Afterward he walked calmly off the mat and into the locker room and sat alone on a bench. "I was lucky to even be there," he says. "But there was no reason for me to get beat. I just realized that I had so much more ability, that I wasn't wrestling to my full potential, and I evaluated what I could do to change that. The solution to everything is to work harder."
Not that he had ever been lazy. Smith is a diligent worker, but there's a pleasantly relaxed quality about his brand of discipline. He does what is necessary without self-righteousness or self-flagellation. His weight rarely drifts above 145 pounds. Consequently he can avoid the torturous dieting other wrestlers must endure before matches simply by avoiding red meat or fat, although he admits to a weakness for biscuits and gravy and peanut M & M's. He has failed to make weight only once, and that was sometime back in junior high.
As a rule Smith works out on the mat for at least an hour twice a day, and this, more than anything, he says, has put the right kind of muscle on his frame. Every other day he works out with weights, runs two to three miles, and does wind sprints and the stairs at Oklahoma State's Lewis Field.
Such a regimen leaves little room for the opposite sex, and Smith's many female relatives hound him about the subject. "I want to have a family some day, but I don't even have time to think about it right now," he says sharply, and the matter is closed.
It's mid-January in Stillwater, and No. 1 Oklahoma State, with a 10-0 dual meet record (on its way to a 16-2 regular-season mark), is hosting its first tournament of the year, the Cowboy Duals. About 4,000 fans have packed Gallagher-Iba Arena to witness the struggle among five teams, including No. 2-ranked Arizona State, and to watch Smith. His mother, though, is not among them.
Madalene customarily retires to the ladies' room to say the rosary when one of her sons wrestles. "Last year Madalene traveled 1,400 miles to the Pan Am Games, just so she could go and not see John wrestle," says Jerry Hickman, a lifelong friend of John's. However, she has passed up the Cowboy Duals this weekend so she can go and not see Pat wrestle for Del City High. But there are plenty of Smiths to swell the crowd in Stillwater, including Big Lee, three of John's sisters, all their husbands, three of his six nieces and one of his four nephews.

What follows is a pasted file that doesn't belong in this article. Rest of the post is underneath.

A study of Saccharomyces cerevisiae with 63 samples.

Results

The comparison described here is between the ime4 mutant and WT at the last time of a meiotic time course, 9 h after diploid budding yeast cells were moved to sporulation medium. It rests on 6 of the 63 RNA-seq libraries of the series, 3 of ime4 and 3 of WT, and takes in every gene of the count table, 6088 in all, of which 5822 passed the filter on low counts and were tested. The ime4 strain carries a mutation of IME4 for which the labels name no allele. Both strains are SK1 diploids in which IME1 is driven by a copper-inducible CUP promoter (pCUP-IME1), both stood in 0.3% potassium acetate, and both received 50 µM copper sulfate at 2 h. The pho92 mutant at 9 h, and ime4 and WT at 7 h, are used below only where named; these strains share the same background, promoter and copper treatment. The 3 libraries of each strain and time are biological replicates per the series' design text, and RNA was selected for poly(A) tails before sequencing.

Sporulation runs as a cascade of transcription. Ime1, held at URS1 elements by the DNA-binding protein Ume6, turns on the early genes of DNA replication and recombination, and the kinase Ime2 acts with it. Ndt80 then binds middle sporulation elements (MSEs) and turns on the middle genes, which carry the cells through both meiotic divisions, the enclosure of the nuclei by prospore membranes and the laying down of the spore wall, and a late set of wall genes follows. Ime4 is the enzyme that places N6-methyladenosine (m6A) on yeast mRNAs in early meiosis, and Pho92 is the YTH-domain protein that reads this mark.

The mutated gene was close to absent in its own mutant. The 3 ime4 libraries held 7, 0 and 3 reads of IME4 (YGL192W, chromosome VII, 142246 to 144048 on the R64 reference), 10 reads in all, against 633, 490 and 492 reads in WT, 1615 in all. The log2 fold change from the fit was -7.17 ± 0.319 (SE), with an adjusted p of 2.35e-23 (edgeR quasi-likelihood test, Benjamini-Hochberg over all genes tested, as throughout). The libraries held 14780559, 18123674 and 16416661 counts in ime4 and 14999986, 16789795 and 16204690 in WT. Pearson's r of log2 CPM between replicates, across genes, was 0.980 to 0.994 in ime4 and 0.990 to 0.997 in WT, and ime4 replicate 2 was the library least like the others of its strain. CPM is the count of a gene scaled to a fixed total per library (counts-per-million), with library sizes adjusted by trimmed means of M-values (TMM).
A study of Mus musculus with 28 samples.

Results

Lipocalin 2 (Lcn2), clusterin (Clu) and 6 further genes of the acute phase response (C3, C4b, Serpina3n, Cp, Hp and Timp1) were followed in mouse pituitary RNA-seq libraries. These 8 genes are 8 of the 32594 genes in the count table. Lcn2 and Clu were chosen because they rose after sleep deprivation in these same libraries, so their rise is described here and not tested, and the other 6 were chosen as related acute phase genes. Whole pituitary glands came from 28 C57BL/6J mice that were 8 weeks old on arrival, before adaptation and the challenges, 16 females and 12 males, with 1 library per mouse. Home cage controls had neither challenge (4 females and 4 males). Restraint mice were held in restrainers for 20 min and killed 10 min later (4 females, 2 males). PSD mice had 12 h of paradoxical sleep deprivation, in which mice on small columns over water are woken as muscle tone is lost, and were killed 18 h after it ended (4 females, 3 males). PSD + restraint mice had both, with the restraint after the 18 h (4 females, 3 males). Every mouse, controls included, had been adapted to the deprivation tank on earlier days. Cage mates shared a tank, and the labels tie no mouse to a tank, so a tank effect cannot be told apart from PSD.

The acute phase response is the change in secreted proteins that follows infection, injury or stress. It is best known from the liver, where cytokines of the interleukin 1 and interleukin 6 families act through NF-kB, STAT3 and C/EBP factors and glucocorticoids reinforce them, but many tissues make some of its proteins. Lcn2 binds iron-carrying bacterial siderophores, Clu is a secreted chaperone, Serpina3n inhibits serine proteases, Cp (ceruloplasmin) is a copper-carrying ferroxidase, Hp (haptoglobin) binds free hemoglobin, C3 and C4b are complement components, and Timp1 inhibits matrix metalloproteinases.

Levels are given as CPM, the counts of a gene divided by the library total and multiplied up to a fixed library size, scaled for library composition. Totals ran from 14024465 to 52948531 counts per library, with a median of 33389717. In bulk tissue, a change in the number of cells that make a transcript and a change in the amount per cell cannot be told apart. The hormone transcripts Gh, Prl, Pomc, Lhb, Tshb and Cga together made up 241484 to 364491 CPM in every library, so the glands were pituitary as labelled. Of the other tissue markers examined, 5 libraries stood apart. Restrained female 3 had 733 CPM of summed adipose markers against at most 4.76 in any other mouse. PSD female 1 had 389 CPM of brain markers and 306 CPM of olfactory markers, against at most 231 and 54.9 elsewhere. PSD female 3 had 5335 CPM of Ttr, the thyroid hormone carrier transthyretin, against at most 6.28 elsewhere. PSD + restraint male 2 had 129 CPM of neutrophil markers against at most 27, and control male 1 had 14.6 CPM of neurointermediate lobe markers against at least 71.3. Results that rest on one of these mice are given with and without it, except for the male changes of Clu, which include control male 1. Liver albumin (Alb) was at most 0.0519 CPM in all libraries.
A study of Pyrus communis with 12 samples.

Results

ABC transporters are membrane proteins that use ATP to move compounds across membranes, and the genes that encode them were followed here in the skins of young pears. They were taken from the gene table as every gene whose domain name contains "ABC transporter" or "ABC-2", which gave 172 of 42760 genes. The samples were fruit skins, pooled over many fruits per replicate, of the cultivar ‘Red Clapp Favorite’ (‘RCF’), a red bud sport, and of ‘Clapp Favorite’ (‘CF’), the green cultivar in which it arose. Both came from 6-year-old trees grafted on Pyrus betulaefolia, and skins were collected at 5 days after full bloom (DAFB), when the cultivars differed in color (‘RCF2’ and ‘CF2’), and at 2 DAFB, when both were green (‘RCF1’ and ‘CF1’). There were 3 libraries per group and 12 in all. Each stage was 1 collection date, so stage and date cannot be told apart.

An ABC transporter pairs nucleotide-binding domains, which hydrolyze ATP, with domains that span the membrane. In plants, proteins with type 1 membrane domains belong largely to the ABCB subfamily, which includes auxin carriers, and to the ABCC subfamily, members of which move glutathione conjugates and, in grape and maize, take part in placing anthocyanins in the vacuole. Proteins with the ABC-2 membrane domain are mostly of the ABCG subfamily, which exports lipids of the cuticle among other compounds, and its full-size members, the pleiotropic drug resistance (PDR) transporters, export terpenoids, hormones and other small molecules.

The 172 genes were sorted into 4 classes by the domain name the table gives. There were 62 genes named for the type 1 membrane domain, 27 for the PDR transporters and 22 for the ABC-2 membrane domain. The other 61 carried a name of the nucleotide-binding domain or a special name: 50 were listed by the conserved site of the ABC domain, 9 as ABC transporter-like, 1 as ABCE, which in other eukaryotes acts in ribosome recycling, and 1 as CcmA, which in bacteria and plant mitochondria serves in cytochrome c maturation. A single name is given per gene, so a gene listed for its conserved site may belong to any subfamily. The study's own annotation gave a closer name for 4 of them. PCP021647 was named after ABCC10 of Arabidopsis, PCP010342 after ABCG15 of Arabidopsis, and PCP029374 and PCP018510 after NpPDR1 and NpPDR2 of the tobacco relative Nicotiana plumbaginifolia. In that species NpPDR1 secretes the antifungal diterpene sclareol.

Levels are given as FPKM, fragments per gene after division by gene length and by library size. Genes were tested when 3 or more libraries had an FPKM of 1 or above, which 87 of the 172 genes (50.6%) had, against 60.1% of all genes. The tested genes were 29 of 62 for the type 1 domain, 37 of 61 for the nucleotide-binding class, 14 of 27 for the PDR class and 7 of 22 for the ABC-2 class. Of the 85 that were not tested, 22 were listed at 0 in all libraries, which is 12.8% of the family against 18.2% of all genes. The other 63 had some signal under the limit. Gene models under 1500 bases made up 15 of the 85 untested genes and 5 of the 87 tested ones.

When Smith appears for his first bout, the crowd roars. Then it grows still. He circles for a moment and darts at his opponent, Tim Mellot, a freshman from Clemson. One second Mellot is standing, the next he's squirming on his stomach; then Smith has him in a cradle—grasping Mellot as if he were an infant. One of Smith's arms is between Mellot's legs, the other is over his shoulder. Both wrestlers' chests turn pink from the strain, and Mellot's lips are purple. Smith will doggedly pursue a move for 20 seconds or more to get a pin or a near fall, which can be worth as many as three points and is usually psychologically devastating to an opponent. This time, however, the referee, fearing that Smith is about to injure Mellot, blows his whistle and orders them to break. Smith looks up and says, "Aw, c'mon, ref. It's not a woman's sport."
After two periods the score is 15-3. Smith has looked like a jack-in-the-box: He has taken Mellot down five times and scored two near falls. At the start of the third period Smith shoots the single-leg again, takes Mellot down and works his way up to a headlock. Mellot's shoulders inch inexorably down toward the mat; he grimaces with exertion and pain. The referee's palm slaps the mat: Pin, at 5:50.
Pins don't come as easily for Smith in international competition, particularly against his toughest foes, generally the Soviets, but he finds Olympic-style wrestling almost as amenable as the college version. International freestyle wrestling differs from the college variety in more than just the consistently higher caliber of the competition. The point system is more complicated. For example, no points are awarded for an escape, but anywhere from one to five points can be earned for establishing certain specific holds. In that way, a technically proficient wrestler is put on a more even footing with an opponent who possesses greater natural strength.
"I feel like I'm intelligent in wrestling," says Smith. "I outwit a lot of my opponents. If you know a guy's got a good shot to your left leg, you've got to learn to lead with your right leg. If a man's strong when he ties you up, don't let him tie you up."